The Sudanese Armed Forces and the Rapid Support Forces (RSF) had agreed to a 72-hour ceasefire which came into force at midnight to allow trapped foreign nationals to flee Sudan.
The paramilitary RSF group are accusing the Sudanese army of breaking the ceasefire which has seen “plane attacks” launched in Khartoum which is a “clear breach” of the agreement.
The RSF said in a statement that “cannons” were fired at their headquarters in the Sudanese capital, Khartoum which is “endangering the lives of civilians.”
The statement added, “The breach of the ceasefire by the Sudanese army is undeniable evidence of their thirst for war and Sudanese bloodshed, which must come to an end.”
Despite the ceasefire fighting has continued to rage outside the capital in the city of Omdurman which is across the Nile from Khartoum.
Heartbreaking video: “My dad declined invites for evacuation as he was promised evacuated by the British Embassy. Next thing we know by press release: ‘we’ve completed our successful evacuation, the Embassy is shut.’ My dad is waiting for you. They’ve all left without him”#Sudan pic.twitter.com/DVNn6jjz3m
— Dr. Jennifer A. Cassidy (@OxfordDiplomat) April 25, 2023
Sky News reported that a resident, Amin Ishaq said, “They stop only when they run out of ammunition.”
A doctor in Geneva, which is the provincial capital in West Darfur said, there are “Fierce battles are raging all over the city.
“All eyes are on Khartoum but the situation here is unimaginable.”
Child soldiers are on the streets of who are part of the RSF and Defence and security analyst Professor Michael Clarke warned Sky News, “A 13 or 14-year-old with an AK47 who thinks he’s a big shot is a very dangerous individual.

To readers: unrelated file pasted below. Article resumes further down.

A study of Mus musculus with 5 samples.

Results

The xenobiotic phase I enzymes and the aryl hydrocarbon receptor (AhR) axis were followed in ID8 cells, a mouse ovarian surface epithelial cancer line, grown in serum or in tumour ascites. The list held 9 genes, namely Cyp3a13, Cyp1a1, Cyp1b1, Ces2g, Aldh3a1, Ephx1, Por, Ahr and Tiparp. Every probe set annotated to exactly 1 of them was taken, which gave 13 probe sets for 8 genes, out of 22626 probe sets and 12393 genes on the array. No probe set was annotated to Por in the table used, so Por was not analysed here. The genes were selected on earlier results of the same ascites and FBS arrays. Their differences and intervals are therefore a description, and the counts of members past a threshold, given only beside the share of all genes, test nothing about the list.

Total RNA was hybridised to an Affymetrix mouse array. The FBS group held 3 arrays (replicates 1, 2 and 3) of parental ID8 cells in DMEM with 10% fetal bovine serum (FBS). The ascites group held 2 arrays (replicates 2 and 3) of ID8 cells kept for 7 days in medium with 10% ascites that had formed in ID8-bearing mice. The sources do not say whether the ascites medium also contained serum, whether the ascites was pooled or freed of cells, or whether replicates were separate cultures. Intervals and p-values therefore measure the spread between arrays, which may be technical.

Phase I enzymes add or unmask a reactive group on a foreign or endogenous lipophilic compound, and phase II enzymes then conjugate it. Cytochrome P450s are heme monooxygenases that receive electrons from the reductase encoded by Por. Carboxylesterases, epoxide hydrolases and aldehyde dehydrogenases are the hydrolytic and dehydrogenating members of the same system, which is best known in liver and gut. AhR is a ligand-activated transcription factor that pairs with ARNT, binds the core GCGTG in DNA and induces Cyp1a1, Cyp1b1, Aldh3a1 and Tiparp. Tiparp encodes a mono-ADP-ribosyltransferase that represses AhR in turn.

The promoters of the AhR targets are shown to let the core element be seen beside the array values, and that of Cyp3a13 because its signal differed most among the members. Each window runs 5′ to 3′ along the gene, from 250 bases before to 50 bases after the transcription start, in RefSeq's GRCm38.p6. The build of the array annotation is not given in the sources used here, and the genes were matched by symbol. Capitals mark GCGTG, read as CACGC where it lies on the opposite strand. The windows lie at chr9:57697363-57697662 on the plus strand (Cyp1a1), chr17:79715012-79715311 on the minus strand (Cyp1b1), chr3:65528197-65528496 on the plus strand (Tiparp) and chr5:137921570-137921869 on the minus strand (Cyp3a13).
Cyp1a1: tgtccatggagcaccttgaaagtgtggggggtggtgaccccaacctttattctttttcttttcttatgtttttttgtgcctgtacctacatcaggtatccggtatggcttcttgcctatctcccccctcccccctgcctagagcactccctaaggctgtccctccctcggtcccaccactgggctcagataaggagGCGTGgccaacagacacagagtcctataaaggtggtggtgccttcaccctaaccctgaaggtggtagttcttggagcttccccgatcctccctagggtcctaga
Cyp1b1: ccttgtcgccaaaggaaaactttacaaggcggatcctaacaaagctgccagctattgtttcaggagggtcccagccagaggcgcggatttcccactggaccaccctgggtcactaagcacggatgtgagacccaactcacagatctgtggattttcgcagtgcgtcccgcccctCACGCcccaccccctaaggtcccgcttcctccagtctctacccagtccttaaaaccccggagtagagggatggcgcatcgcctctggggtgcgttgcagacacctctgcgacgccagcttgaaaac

“So just getting a family to the airfield, or anywhere, in this situation is very dangerous.”
Brits who have been invited have been told they are to make their own way to an airfield on the outskirts of Khartoum, the problem is there is around 4,000 British passport holders trying escape.
What is happening in Sudan? In 2 minutes: pic.twitter.com/tC81dKipIk
— Bianca Nobilo (@bianca_nobilo) April 20, 2023
Clarke said, “The Hercules C-130 takes about 90 troops so if you cram people in a bit more you could get around 120 or 130 in.
“But it isn’t just a question of numbers, its a question of weight, a safe take off weight and safe landing weight.
“With the Atlas A400M, you could get around 120 soldiers in there so you could get around 150 civilians in that aircraft.
“But if there are 2,000 to 3,000 people who need evacuating, how many shuttles back and forth from Cyprus is that? Quite a lot.”
RAF aircraft are involved in a “large scale evacuation” to rescue around 4,000 trapped Britons from Sudan which has been described as “dangerous” and a very “complex operation.”
The RAF are to fly into the outskirts of the Sudanese capital, Khartoum and they will start with the extraction of those who have children, the vulnerable and the elderly.
Sir Nicholas Kay, a former British ambassador to Sudan, warned that the situation on the ground is “precarious” even though the ceasefire remains in place.
He told BBC Radio 4’s Today programme, “The security situation can change very quickly, the command and control over forces isn’t complete and there is no trust between the two sides so they might kick off again.”
He warned that Brits trying to move around Khartoum will be “very difficult” as attempting to cross bridges over the Blue and White Nile rivers are controlled by armed militia groups, Sir Nicholas warned.